A week after Wegmans Brooklyn opened, the Brooklyn Navy Yard’s Employment Center reported that it has broken a record by hiring almost 600 people for jobs at the industrial complex so far in 2019.
That is already a 28 percent increase from the number of hires in 2018 and the highest number of new recruits in a single year since the Employment Center was founded (in 1999), according to the report released by the Brooklyn Navy Yard Development Corporation.
The new employees joined some of the more than 400 businesses that currently exist at the Navy Yard and work in manufacturing, IT, business administration, design and more.
In fact, with the addition of Wegmans, 540 cooks, entry-level management chefs, entry-level management, full-time overnight workers, part-time bakers, and full-time customer service employees joined the Navy Yard community — the Employment Center was responsible for finding 214 of them.
About 90 percent of all the new hires at the Navy Yard are Brooklyn residents and more than a third of them live in public housing, the report states. About 18 percent have experienced long-term unemployment or were previously incarcerated. Four in five of them have a high school diploma, GED or less.
Earlier this year, the Navy Yard hit a major milestone, surpassing 10,000 jobs for the first time since the city took control of the sprawling waterfront campus in 1966.
That being said, the Navy Yard and its Employment Center have really been a boon to the community, according to Community Board 2 District Manager Robert Perris.
“We have a great deal of admiration for the effort the Brooklyn Navy Yard has taken as it grows and prospers so the residents of communities immediately around the facility benefit,” he told amNewYork. “And it’s not just this project. They had similar numbers when they developed Building 77.”
Perris said that the Navy Yard chose Wegmans for the redevelopment of Admirals Row because it requires a larger staff, is family-owned, and is “tremendously committed to promoting from within and developing its employees.”
“They spend a lot of money on training,” he continued. “This might seem somewhat intangible, but it’s not. These are the kinds of things make the community board proud of what the Navy Yard has accomplished and happy to have the industrial park in the community district.”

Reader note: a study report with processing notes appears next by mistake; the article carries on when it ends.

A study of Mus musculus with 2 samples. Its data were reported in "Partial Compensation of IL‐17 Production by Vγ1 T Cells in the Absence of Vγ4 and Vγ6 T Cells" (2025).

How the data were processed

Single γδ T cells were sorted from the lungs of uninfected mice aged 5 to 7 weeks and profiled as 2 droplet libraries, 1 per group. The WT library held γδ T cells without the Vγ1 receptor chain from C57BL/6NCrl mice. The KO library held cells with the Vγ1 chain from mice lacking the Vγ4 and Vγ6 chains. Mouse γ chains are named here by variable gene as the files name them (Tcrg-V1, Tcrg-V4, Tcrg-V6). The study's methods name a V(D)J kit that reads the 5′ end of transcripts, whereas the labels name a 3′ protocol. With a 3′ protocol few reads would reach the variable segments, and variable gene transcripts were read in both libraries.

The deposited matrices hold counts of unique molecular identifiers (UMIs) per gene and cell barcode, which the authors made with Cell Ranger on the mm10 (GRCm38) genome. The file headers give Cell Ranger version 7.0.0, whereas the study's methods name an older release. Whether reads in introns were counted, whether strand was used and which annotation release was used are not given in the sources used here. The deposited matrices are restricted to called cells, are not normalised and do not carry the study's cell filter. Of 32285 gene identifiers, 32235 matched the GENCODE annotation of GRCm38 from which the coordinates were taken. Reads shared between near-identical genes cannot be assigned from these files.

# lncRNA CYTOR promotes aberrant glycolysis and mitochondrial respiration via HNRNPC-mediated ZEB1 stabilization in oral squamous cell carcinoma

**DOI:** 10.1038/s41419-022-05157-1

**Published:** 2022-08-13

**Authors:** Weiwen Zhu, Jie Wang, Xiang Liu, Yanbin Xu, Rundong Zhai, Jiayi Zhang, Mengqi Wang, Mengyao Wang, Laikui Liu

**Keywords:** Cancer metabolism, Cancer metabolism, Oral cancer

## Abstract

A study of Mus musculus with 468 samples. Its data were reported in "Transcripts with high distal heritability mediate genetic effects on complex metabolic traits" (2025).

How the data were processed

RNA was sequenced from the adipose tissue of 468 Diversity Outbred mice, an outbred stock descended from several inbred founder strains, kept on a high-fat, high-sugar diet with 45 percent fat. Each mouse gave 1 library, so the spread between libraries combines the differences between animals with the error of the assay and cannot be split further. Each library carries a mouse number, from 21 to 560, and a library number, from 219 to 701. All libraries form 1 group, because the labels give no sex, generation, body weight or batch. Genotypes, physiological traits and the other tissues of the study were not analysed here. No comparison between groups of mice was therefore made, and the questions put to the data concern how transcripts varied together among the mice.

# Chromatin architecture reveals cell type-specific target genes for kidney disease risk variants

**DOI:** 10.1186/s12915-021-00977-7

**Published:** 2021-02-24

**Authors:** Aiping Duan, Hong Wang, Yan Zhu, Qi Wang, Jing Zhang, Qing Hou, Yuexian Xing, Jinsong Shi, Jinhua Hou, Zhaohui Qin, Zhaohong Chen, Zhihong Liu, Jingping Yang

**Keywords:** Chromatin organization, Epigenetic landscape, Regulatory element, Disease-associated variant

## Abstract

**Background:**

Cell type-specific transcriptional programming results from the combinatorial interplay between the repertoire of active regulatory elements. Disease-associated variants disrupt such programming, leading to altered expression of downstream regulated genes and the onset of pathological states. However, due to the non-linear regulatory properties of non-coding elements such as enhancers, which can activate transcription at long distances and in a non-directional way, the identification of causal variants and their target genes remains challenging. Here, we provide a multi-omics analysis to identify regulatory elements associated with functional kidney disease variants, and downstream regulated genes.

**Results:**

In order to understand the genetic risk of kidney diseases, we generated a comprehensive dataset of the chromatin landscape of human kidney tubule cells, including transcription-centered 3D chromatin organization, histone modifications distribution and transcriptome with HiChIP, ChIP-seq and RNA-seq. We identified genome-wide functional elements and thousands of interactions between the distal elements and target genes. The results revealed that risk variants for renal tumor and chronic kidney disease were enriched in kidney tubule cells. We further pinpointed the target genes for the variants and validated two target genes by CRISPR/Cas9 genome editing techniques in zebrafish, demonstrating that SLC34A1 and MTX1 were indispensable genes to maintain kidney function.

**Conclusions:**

Jessica Hall, 23, started off as an intern at Amy Fronczkiewicz Photography in the months before graduating from Brooklyn College. The Flatbush resident connected with the Employment Center, which hooked her up with the photography studio. A year later, after Hall graduated, the Employment Center called with a potential job for her at New Lab — a center for frontier technologies.
“The Navy Yard is huge and there are so many tenants all doing different types of work — it’s pretty cool working here,” she said. “It’s a helpful tool for anybody looking for work or partnerships. The Navy Yard will help you pick your career or guide you to picking what you want for your future.”
Iku Ohashi, a longtime Brooklyn resident, also applied for a position through the Employment Center after learning about the Yard last year at Open House NY. He landed the job with Truebird – an automated micro-café company moving to Building 77 – and now works on their design team as a Sr. Mechanical Design Engineer.
“Working with the EC allowed me to connect to Truebird at the right time in their growth,” he said. “I’m excited to continue working on all of [their] cool products.”
As a nonprofit, the Brooklyn Navy Yard is able to focus more on its task as a landlord rather than making a buck, according to David Ehrenberg, the president and CEO of the Brooklyn Navy Yard Development Corporation. The organization gets philanthropic support from the Robin Hood Fund and the rent it charges to its tenants, which vary depending on the size and scale of each company.
“We really focus as a landlord … on the kinds of companies that can provide accessible, middle class jobs available to everybody in Brooklyn,” Ehrenberg said. “We are also able to attract those kinds of companies by setting rent at what those kinds of companies can afford — not what the highest rent payer might afford because those kinds of companies might not make those kinds of jobs.”
Another way the Brooklyn Navy Yard attracts companies that provide middle class jobs is by hiring local residents. Ehrenberg said studies have shown that when employees can walk to work, there is less turnover and better moral. Plus, it is just easier for an intern from Brooklyn, for example, to interview for a full-time job there moreso than a student from Boston.
It’s not just about the companies, however.
“We really want to make it clear that the development happening here is first and foremost going to benefit those who have lived here for many years,” Ehrenberg said. “The Employment Center is able to do the extra work to make it clear to locals — these jobs are for you and you have a fair shot at getting them.”
For information on how to work with the Employment Center and apply for a job at The Brooklyn Navy Yard, visit brooklynnavyyard.org/employment-center/for-job-seekers.